First, my original opinion:

To put it simply, it was my belief that the Japanese had a tendency to go for emotional surrealism (in other words, emotional bombardment) and visual excess (exaggeration) to tell their stories.  In opposition, Americans tend to go for the 'gritty and realistic', with straight out bullet to the head realism.  This was a generalization that, while based on my experiences with Japanese video games that told a story (both VNs and jrpgs) and Western games that more or less tried to do the same (Isometric RPGs, Bethesda-style games, etc), was never meant to be an absolute statement but just a general opinion of the tendencies I'd encountered.

Second, my new opinion: 

First, I've come to the conclusion that American gaming companies don't know how to tell a story anymore (since Bioware has gone crappy, Obsidian is about to get absorbed/has been absorbed by a company that has no idea of what it is doing, and the Witcher was made by Polish people).  Second, the Japanese seem to suffer from a similar malaise... and the source is, quite ironically, fairly similar in the cases of mainstream games.

It is the disease I call the 'MMO virus'.  Yes, you who actually read my blog know my opinion on online multiplayer games and what they have done to erode storytelling games in general, but my recent conclusion is that this erosion has actually reached a critical point in the last five years.  Rebellions against the progression of this disease have occurred (Tales of Berseria, Xenoblade Chronicles 2, and Nier: Automata come to mind for the Japanese, and Pillars of Eternity II: Deadfire for America), but these have been relatively minor upthrusts against the toxins released by the cloud of mission-based 'stories' you see in games nowadays.  Bethesda has also contributed to this plague (fetch quests and hunt the monster quests  being a common plague for them as well), and it seems like every time I turn around, I see another game trying to tell its story through an obvious mission or quest system is sitting right there.  Sure, the systems had their roots in D&D games, but the way they've developed is the result of the plague that infected the world using games like WoW as its vector.

I first began to see signs of this disease back in the PS2 era, though it was mostly limited to 'high end' games at the time, like Final Fantasy (XII having essentially repurposed and altered XI's MMO battle system for a single-player model), I was honestly horrified to see how easy it was to let myself get led around by the nose from objective to objective in hopes that I'd find the story in there somewhere.  The problem was, once the objectives became my reason for playing (as was inevitable, because that is the tactic they use to draw you in), I increasingly realized that I couldn't enjoy what story was being told, because I was impatient to get to the next objective, even though I didn't find any of that searching for objectives to be fun in the least.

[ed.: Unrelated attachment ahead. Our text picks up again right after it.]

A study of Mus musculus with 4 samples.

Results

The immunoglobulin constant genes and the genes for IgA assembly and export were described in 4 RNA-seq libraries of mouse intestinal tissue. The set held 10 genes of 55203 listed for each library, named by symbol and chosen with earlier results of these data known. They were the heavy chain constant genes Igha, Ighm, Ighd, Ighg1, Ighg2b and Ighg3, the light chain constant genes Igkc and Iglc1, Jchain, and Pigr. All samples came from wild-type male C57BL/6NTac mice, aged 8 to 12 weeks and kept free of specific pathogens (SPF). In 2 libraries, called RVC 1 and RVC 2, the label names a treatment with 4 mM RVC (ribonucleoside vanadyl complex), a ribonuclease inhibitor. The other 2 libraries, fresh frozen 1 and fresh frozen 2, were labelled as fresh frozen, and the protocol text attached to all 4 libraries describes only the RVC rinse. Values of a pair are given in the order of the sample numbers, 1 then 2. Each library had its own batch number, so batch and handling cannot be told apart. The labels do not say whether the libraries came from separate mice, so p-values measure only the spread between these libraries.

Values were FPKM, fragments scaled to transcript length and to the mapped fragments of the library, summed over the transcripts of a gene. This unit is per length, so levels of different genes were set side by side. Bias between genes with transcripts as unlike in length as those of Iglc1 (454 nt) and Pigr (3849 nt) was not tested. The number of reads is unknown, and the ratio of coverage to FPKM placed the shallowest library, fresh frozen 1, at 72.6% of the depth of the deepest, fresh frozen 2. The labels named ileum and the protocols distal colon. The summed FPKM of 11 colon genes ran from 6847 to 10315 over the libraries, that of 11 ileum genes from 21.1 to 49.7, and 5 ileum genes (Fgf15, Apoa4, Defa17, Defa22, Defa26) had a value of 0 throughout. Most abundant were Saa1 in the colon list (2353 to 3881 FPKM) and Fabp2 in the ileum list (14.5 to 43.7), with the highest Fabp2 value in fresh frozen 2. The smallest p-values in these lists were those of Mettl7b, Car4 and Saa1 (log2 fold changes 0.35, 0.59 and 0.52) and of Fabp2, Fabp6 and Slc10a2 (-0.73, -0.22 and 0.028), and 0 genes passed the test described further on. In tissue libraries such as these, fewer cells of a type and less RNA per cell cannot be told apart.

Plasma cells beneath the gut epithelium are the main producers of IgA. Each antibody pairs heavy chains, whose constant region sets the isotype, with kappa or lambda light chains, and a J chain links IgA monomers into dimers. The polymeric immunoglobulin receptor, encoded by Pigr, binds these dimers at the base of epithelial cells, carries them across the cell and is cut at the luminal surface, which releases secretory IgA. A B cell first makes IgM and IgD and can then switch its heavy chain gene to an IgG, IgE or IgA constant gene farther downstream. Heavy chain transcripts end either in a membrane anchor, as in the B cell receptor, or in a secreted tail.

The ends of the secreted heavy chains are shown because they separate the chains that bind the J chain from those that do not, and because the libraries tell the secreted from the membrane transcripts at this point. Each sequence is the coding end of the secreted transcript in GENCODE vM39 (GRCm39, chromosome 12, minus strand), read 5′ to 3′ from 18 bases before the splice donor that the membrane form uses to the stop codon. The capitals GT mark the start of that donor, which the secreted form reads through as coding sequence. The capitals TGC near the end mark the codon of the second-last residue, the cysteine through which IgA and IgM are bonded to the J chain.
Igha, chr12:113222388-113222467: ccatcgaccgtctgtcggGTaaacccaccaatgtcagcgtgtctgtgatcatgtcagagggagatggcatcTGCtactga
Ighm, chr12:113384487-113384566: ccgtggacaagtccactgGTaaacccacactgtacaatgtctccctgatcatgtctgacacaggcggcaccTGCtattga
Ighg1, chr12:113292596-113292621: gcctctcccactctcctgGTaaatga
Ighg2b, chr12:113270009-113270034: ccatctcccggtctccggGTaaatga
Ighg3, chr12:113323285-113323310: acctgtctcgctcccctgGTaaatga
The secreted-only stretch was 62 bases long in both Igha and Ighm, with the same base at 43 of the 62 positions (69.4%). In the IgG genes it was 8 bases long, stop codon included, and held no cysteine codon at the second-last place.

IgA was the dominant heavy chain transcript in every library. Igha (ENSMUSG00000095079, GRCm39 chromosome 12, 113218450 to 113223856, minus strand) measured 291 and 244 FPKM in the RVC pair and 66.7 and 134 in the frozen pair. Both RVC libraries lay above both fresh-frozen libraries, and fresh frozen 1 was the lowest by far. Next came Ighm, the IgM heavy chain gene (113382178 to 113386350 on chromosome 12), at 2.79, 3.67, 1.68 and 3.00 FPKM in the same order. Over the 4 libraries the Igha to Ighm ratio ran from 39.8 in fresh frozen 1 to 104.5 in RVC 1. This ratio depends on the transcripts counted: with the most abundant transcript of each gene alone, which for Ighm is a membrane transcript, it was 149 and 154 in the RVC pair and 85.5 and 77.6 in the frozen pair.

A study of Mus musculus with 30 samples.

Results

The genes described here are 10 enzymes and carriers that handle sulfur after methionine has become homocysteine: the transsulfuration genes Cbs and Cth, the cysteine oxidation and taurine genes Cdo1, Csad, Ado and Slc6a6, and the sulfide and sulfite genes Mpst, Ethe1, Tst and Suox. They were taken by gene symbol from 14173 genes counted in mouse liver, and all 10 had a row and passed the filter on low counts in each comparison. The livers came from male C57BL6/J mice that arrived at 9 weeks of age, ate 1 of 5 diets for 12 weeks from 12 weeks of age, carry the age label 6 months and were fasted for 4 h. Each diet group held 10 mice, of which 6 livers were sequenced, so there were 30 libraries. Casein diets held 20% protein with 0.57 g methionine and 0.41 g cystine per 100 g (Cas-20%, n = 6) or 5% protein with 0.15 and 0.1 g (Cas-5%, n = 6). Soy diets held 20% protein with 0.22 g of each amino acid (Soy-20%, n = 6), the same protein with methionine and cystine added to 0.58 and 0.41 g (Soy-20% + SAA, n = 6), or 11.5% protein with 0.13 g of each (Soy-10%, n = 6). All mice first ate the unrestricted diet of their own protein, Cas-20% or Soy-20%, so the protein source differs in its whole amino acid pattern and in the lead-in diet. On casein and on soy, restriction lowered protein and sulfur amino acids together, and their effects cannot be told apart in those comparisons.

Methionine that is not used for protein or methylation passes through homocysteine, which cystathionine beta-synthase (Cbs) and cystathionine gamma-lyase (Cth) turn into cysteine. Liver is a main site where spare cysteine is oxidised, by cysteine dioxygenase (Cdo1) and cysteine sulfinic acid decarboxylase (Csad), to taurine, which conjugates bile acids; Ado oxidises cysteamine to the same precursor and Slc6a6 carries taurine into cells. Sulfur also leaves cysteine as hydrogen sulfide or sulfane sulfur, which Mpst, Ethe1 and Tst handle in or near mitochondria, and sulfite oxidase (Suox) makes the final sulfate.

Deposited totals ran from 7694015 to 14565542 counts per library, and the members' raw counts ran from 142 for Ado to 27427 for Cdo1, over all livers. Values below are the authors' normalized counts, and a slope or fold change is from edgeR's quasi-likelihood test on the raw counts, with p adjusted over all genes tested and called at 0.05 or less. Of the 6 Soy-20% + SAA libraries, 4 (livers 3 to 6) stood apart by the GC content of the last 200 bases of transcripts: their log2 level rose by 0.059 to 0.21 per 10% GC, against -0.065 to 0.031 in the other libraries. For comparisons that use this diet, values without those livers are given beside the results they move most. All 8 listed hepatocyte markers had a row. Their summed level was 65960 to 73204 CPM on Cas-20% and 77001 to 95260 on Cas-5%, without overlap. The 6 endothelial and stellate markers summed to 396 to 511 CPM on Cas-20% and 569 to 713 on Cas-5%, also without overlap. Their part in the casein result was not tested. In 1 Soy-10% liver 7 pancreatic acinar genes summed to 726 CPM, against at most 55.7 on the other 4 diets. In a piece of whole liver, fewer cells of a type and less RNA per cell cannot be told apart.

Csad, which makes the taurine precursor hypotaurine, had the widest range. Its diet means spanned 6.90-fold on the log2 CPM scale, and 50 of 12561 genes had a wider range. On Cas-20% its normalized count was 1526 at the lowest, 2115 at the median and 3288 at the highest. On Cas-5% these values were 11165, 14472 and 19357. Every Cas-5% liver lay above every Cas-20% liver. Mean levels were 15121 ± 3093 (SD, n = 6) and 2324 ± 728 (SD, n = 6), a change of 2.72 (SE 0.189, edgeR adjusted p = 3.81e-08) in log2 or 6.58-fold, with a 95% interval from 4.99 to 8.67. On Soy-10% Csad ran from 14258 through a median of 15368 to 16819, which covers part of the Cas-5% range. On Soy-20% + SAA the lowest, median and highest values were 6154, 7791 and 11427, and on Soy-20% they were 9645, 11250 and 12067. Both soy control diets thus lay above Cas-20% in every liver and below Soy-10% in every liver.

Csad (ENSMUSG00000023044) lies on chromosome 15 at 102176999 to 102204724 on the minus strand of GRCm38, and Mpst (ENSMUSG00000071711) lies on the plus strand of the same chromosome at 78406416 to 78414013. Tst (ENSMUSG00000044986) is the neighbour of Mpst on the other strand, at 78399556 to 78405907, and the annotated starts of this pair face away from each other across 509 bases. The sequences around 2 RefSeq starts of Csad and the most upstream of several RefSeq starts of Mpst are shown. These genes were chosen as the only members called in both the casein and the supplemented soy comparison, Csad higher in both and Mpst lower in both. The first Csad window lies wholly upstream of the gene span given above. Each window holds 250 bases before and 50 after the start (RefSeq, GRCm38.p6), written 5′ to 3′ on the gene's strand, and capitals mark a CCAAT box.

VNs suffer from a different set of problems.  While jrpgs and western games suffer from the simple fact that the current generation of makers grew up obsessing over pathetic attempts to graft stories onto multiplayer games, VNs suffer from the fact that the best and brightest of their creators are... getting old.  Hell, some of them even died in between projects.  Worse, no one of equal capability has replaced them, leading to an unfortunate confluence of near-universal incompetence and corporate inability to grasp the reasons for failure and fix it. 

No, I'm not saying that all new VNs suck.  Hell, if they all sucked, I wouldn't still be trying to go back and play them, like the burnt-out junkie I am.  No, my issue is that there is a sudden dearth of developed talent within the world of VNs that has gotten horrible in the last five years.  Most of the major names are retired, have moved on to 'greater' things, or are dead.  Shumon Yuu is silent, Hino Wataru seems to have gone underground, Masada is probably off in his own little world, Fujisaki Ryuuta is circling in place, Kurashiki Tatsuya is off indulging his inner sadist with half-assed games, Kazuki Fumi can't seem to stick with one thing long enough to make it great since Akeiro Kaikitan, and Agobarrier is three years dead.  That isn't even mentioning all the formerly major names that have just decided to retire without telling anyone or got hired away by mainstream video game companies. 

What is replacing them are primarily LN writers... who, unfortunately, tend to write like middle school street kids on crack (and not in a good way).  They often have great ideas, but they are fuzzy about execution and lacking in technique.  As a result, you get a bunch of third-rate one-off VNs that no one really likes.

Artists aren't a problem.  There will always be plenty of skilled otaku artists who can draw h-scenes.  The issue is and always will be writers... because it is the writer that decides whether a VN will become remembered for years to come or be dropped back into the dung at the bottom of the latrine.